When Chip Kelly was with Oregon and Jim Harbaugh at Stanford, there obviously was a strict embargo on sharing information. The California-Oregon border was on lockdown from 2009-2010.
When Harbaugh left for the NFL in 2011, however, the mutual admiration between the two sides could be expressed, the border opened up and a flow of ideas commenced. Harbaugh's top offensive envoy, Greg Roman, visited Kelly in Eugene, Ore. while Kelly took his own trip to Santa Clara during a break in the Ducks' season.
“Just two guys I've got great, great respect for, two really good football coaches,” Kelly, now the Eagles coach, said of Harbaugh and Roman during an early-morning conference call.
Kelly said he thought some of the notes Roman took home with him could be seen in the read-option packages the 49ers run with Colin Kaepernick, albeit with their own twist.
Asked if Kelly and the undefeated Eagles are using ideas and concepts borrowed from Harbaugh, Roman and the 49ers, Kelly said, “Yes, I'm an information gatherer.”
Asked to be more specific, Kelly shut down the border. “Not off the top of my head,” he said.
One west-coast import, of course, is Eagles tight end Zach Ertz, who played for Harbaugh at Stanford and whom the Eagles selected with the 35th overall pick last year. (The 49ers had the 34th pick, traded it, and selected tight end Vance McDonald at pick No. 55).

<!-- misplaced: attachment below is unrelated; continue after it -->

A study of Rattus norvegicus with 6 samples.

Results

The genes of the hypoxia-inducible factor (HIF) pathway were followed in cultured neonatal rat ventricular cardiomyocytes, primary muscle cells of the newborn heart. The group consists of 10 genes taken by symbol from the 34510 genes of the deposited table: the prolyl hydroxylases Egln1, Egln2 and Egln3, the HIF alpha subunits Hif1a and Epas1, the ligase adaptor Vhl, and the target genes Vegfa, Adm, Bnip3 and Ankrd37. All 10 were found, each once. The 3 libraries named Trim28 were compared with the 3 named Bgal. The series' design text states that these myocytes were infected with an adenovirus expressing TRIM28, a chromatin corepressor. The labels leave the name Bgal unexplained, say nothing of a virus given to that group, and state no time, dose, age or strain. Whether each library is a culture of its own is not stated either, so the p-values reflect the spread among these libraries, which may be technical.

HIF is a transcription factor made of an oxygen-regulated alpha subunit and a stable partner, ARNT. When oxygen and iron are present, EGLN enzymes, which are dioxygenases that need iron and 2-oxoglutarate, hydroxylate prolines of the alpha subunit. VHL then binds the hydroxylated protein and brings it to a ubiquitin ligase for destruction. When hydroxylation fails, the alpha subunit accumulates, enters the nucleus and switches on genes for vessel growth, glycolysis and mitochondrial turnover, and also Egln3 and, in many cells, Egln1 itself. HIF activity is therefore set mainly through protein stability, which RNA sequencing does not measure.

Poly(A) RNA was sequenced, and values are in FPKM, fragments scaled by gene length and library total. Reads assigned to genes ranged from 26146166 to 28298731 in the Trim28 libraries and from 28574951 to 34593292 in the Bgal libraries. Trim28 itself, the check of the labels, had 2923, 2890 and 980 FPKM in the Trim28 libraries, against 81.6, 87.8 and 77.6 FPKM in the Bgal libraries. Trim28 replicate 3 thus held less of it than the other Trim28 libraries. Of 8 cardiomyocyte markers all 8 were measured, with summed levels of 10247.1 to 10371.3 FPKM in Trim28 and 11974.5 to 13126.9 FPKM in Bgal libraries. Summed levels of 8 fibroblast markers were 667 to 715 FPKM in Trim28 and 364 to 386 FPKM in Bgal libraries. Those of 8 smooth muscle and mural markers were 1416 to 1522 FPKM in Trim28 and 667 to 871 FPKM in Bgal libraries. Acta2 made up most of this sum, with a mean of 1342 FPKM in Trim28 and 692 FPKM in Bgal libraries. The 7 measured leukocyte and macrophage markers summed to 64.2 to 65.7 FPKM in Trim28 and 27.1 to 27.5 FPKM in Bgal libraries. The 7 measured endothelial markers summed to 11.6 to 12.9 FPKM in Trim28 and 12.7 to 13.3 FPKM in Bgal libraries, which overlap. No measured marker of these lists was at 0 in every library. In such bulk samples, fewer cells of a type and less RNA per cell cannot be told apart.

Kelly said he liked Ertz's versatility, particularly his ability to line up at tight end, in the slot and at wide receiver. “What Zach is doing in the National Football League is similar to the success he had at Stanford,” he said.
One of the theories for why the 49ers liked McDonald more than Ertz is that general manager Trent Baalke fell in love with the former's physique. McDonald is 6-4, 270 pounds and has long, 34 1/2-inch arms. Ertz, meanwhile, has relatively stubby arms – 31 ¾ inches – which was a knock on him before the draft.
Was that a concern in Philadelphia?
“I was unaware that he had short arms,” Kelly said. “They're long enough to catch a football because he does a really good job of that.”
Indeed, Ertz has caught 45 passes for 646 yards and five touchdowns since last season. McDonald has nine catches for 128 yards and no touchdowns by comparison.
Kelly said he was surprised his former Oregon running back, LaMichael James, remains a free agent after being released Sept. 8.
“I think LaMichael's a hell of a football player,” he said. “I think maybe the timing had something to do with it because people's rosters may have been set. But I know him first-hand, I got an opportunity to coach him. I love the kid. He's an awesome football player, he's an awesome person.”
The Eagles have three running backs on their active roster.
Kelly was asked about rookie receiver Jordan Matthews, whom the Eagles took in the second round this year. The 6-3 Matthews had two touchdowns in Philadelphia's Week 3 win over Washington.
“We wanted to get bigger at the wide-receiver spot, especially in the slot,” Kelly said. “Thought it would create some good matchups for us, and it's paying off for us.”
When he’s in the slot, Matthews will be matched against 5-10 49ers rookie Jimmie Ward.